Invisible history and the California FAIR Education Bill on this blog I will allude to what to me are familiar pieces of literature or facts about the history and context of the lives of LGBTQ people.

I make these references and allusions to harken to an expansive LGBT human history.

I also make them because they are the thoughts that spring to my mind when events happen to queer lives today.

I make them to allude to the fact that the patterns, the social practices, the structures that come together to crush the lives of queer people are not new… are not accidental… and are murderous in their full intent.

These patterns of silencing and erasing queer histories are meant to rid our world of queer lives.

And so this past week I twice referred to “Bending” history to include LGBTQ lives.

Since those two postings it has been brought to my attention that this allusion is missed by most people – ironically – for the very reason something like the FAIR Education Bill is necessary.

So because this history can be erased as quickly as it can be written down, let me explain my particular use of this reference.

When I suggested that it is time to Bend history – I was thinking of the historical play Bent.  And both the topic of this play as well as the hidden historical knowledge revealed through the production of this play for me alludes to the current educational practice of silence and neutrality with regard to queer lives.

The production of the play Bent both revealed the story of the Nazi attempt to erase all gay lives as well as the academic erasure of this history of a people.

And I find both practices equally murderous in their intent.

Here is how wiki introduces the story behind the play Bent:

Bent is a two-hour 1979 play by Martin Sherman. It revolves around the persecution of gays in Nazi Germany, and takes place during and after the Night of the Long Knives.

The title of the play refers to the slang word “bent” used in some European countries to refer to homosexuals. When the play was first performed, there was only a small trickle of historical research or even awareness about the Nazi persecution of homosexuals. In some regards, the play helped increase that historical research and education in the 1980s and 1990s.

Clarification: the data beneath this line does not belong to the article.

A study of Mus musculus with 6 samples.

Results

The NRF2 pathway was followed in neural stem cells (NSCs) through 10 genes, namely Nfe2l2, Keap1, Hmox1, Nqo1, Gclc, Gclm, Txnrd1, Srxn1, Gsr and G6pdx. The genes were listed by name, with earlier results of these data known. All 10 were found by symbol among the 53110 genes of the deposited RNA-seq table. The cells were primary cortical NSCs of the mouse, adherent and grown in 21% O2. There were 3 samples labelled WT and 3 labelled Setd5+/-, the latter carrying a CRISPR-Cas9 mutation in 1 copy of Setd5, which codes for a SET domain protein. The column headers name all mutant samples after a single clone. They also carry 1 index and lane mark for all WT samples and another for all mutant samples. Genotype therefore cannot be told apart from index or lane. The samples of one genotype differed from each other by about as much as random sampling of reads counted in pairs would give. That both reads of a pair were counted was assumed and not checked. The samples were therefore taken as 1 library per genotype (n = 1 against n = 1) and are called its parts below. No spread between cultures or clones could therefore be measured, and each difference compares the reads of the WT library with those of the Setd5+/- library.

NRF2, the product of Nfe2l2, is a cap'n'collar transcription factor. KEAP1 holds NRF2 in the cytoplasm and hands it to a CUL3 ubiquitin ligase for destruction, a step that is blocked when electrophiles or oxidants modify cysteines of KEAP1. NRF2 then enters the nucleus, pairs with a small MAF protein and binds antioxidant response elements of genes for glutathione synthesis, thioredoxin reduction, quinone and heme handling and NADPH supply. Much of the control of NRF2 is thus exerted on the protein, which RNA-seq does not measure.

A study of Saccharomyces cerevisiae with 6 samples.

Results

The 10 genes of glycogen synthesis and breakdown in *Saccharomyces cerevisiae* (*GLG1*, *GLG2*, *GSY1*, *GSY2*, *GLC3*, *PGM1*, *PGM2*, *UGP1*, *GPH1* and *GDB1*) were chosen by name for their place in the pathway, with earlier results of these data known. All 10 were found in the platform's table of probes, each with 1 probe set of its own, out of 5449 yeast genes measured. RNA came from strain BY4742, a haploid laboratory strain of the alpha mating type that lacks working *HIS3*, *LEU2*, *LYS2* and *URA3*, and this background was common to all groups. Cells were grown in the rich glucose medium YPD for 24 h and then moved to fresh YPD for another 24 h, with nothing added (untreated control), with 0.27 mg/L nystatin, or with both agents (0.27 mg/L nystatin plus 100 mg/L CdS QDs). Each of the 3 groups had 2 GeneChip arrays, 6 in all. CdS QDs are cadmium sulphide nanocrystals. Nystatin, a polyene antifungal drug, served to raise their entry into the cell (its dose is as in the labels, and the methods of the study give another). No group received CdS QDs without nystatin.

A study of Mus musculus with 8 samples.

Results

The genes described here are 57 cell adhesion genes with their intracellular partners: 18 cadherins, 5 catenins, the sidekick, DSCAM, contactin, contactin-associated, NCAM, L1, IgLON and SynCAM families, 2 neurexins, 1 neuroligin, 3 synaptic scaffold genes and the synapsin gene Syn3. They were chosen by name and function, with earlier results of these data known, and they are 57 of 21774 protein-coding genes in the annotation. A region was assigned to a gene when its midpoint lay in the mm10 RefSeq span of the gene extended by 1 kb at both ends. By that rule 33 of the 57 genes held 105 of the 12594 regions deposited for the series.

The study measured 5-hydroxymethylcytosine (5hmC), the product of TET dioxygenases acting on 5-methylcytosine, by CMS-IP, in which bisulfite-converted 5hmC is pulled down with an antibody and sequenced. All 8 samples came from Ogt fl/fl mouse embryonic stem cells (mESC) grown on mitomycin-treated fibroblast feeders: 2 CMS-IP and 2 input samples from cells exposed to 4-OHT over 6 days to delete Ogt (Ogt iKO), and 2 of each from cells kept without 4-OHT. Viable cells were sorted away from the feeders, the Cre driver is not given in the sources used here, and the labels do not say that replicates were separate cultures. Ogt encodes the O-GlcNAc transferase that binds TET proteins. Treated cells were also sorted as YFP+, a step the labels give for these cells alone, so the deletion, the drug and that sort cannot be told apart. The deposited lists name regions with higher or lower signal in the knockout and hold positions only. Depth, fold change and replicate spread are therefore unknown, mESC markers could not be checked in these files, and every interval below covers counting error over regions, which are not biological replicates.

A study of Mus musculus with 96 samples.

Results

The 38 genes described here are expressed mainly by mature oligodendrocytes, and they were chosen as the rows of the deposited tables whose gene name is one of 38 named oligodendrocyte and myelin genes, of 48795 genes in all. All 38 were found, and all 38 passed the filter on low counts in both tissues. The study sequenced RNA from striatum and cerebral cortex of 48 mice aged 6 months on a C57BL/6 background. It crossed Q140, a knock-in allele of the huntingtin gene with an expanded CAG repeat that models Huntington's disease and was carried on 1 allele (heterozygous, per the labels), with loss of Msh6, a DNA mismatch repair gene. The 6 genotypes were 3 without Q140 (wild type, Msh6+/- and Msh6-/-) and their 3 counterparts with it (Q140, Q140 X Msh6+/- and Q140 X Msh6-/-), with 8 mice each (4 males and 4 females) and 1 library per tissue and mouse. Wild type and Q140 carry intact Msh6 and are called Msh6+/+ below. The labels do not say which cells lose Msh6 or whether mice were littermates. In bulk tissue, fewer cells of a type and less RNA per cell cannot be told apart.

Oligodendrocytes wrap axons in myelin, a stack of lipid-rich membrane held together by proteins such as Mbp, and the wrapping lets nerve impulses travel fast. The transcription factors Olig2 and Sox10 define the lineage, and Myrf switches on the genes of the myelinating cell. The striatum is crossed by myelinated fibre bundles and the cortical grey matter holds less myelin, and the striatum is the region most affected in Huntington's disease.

In two short paragraphs some wiki writer has summed up my experience of the brutality of both overt and covert anti-gay practices.  One can imprison and execute gays — or one can simply erase the entire history of oppression and suggest that this uncomfortable knowledge does not exist or is ‘inappropriate.’

Both moves serve precisely the same function.

So as I track the movement of this little social studies bill in California, as I read articles with these sorts of quotes justifying the intentional suppression of history:

This is teaching children from kindergarten on up that the homosexual, bisexual, transsexual lifestyle is something to admire and consider for themselves,” Randy Thomasson, president of, a group advocating against the bill, told

Thomasson said teachers should teach about homosexuals’ historical accomplishments but should not be forced to mention their sexual orientation.

“Teach them about the good behavior, the noble things that people have done, but you don’t have to go into what they do sexually… True history focuses on the accomplishments of people; it doesn’t talk about what they did in the bedroom.”

I am struck once again by the patterned and systemic erasure of queer lives.  Acknowledge the existance of these American people – just please “straighten” them out when you talk about them. Because really what did the private behavior in the bedroom have to do with those holocaust prisoners lives?

Oh, right. Everything.
So queer it, bend it, gay it up – I don’t care what we do.
It is quite simply time to teach the U.S. history of oppression and the struggle for liberation of all of the people in the margins.
We are America.
And ours are also the stories of human struggles and of victories. Stories of a will to be that would make any social studies curriculum come alive.